Amanda Knox Tells Court in Final Plea for Her Life, 'I Want to Go Home'

October 3, 2011|10:05 am

As the Amanda Knox appeals trial hangs on the edge of a verdict, the young American made a final plea for her life before an Italian court Monday.

Knox had the last word in the nearly yearlong trial.

She started her emotional plea with the statement: “I am not what they say, I am not a promiscuous vamp, I am not violent, I do not disrespect life, these things do not belong to me and I didn’t do what they’ve said I’ve done.”

The 24-year-old added, “I have not killed, I have not raped.”

Knox explained that she was not present when Meredith Kercher, her British roommate, was murdered. According to Knox, she did not even know or have contacts with Rudy Guede, the third person convicted for Kercher’s murder.

Guede, along with Knox and her former boyfriend Raffaele Sollecito, were all convicted for the murder of Meredith Kercher in 2009, in what was described as drug-fueled sex game gone wrong.


Knox pleaded in court today, “I have never done what they say I did. It is not the truth.”

Knox said she had good relationships with her roommates and explained that she and Meredith had a strong friendship. According to Knox, the slain girl was always very kind to her.

She stated, “Meredith was killed and I have always wanted justice for her.”

Knox declared her innocence and said, “I want to go home, I want to go back to my life.“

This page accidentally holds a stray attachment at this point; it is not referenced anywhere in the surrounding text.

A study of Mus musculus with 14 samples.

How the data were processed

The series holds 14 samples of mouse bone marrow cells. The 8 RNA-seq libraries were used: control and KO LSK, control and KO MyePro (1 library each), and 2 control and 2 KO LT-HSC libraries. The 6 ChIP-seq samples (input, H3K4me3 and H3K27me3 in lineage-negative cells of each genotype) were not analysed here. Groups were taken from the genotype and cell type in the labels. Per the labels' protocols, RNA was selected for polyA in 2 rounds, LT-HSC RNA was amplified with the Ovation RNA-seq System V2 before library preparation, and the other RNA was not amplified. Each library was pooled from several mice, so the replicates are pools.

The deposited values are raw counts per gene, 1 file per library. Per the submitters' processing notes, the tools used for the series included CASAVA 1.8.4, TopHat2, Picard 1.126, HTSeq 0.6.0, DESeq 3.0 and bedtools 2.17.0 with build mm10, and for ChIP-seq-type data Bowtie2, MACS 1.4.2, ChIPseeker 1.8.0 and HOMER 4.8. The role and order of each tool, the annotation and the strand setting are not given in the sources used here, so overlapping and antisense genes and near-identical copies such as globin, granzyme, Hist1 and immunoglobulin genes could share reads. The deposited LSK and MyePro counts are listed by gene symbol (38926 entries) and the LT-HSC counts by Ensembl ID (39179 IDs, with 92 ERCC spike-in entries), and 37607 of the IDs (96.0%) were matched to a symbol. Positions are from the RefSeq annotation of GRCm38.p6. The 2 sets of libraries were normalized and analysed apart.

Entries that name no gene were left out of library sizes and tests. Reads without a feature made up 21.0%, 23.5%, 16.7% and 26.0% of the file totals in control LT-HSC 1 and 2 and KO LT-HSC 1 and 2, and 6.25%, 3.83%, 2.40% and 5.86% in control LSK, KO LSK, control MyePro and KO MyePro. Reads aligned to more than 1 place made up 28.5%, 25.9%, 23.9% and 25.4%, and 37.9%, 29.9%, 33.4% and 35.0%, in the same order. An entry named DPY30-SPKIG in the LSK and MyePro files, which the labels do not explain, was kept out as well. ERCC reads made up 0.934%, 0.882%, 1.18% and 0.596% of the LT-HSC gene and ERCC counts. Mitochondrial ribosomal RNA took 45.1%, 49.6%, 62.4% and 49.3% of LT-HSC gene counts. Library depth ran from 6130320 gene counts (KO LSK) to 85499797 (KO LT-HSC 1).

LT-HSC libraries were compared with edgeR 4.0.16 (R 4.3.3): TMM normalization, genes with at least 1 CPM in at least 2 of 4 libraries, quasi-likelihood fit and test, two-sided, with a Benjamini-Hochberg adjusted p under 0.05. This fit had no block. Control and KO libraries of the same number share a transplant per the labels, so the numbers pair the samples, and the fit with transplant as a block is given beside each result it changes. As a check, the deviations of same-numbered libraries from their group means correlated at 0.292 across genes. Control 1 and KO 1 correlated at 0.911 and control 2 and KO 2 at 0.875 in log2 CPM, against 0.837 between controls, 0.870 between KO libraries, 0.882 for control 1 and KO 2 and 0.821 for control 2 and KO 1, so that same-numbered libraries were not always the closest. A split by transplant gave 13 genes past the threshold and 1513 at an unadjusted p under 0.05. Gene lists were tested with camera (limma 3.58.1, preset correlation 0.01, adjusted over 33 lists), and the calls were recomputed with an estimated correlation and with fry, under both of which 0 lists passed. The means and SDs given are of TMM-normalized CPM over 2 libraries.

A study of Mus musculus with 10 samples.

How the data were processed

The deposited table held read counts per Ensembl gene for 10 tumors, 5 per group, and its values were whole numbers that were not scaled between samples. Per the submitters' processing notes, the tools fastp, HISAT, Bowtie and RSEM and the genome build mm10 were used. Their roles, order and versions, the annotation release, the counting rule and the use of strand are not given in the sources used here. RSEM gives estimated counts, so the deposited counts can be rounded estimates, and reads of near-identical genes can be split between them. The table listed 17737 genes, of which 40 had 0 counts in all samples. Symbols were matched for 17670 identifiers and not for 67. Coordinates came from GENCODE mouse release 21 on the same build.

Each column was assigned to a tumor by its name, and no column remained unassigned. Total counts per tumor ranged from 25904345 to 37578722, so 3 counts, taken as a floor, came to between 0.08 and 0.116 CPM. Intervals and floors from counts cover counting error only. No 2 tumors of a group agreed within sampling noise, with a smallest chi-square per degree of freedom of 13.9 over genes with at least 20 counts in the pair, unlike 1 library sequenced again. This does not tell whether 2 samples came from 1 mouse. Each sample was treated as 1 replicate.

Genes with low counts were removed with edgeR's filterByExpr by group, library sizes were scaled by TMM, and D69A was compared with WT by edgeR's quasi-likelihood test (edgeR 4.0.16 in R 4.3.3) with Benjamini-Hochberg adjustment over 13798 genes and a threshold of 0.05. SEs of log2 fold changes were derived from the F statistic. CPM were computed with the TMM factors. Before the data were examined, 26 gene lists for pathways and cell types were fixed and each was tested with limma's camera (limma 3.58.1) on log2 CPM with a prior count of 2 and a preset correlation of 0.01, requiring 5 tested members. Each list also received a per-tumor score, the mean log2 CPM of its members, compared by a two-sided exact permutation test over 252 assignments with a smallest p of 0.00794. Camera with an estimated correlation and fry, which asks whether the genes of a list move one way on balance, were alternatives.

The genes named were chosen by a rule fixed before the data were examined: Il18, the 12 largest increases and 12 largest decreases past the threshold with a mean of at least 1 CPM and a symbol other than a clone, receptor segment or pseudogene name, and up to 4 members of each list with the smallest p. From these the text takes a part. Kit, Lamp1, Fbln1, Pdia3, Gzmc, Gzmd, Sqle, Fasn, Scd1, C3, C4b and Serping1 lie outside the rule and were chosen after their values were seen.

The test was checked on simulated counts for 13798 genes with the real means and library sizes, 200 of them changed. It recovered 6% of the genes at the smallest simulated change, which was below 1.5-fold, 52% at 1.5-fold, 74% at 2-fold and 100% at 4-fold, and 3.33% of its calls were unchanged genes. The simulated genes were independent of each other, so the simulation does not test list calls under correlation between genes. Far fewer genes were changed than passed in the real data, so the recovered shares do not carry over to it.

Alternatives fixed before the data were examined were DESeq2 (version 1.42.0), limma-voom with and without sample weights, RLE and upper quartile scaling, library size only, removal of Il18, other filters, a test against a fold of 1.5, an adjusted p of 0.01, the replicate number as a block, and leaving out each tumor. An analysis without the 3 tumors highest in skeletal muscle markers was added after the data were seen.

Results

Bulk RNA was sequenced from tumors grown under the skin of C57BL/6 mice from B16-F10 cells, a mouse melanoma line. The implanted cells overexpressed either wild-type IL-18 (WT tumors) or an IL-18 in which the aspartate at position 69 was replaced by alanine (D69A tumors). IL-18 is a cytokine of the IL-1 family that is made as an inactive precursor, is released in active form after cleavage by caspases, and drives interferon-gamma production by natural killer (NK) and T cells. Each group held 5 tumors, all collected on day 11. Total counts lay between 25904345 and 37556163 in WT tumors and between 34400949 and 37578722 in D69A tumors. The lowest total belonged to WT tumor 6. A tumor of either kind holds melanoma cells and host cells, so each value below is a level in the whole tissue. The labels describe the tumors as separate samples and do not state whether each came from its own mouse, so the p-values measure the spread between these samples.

She concluded her emotional appeal with, “I respect this courtroom and the people who work here, I thank you and I am asking you to set us free.“

The key evidence used to convict Knox in 2009 stemmed from DNA tests that linked Knox to a knife that had Kercher’s DNA on the blade.

In the appeals trial, Knox’s lawyers have been fighting rigorously to overturn her sentence due to an independent review that determined the DNA evidence used to convict Knox was flawed and could have been contaminated.

The Kercher family has always maintained that the original murder trial and conviction of Knox was fair.

Kercher’s father, a freelance journalist, said, “As far as we are concerned, she (Knox) has been convicted of taking our precious Meredith’s life in the most hideous and bloody way.”

The Kercher family has pleaded to the appeals court to not let their daughter Meredith “die in vain.”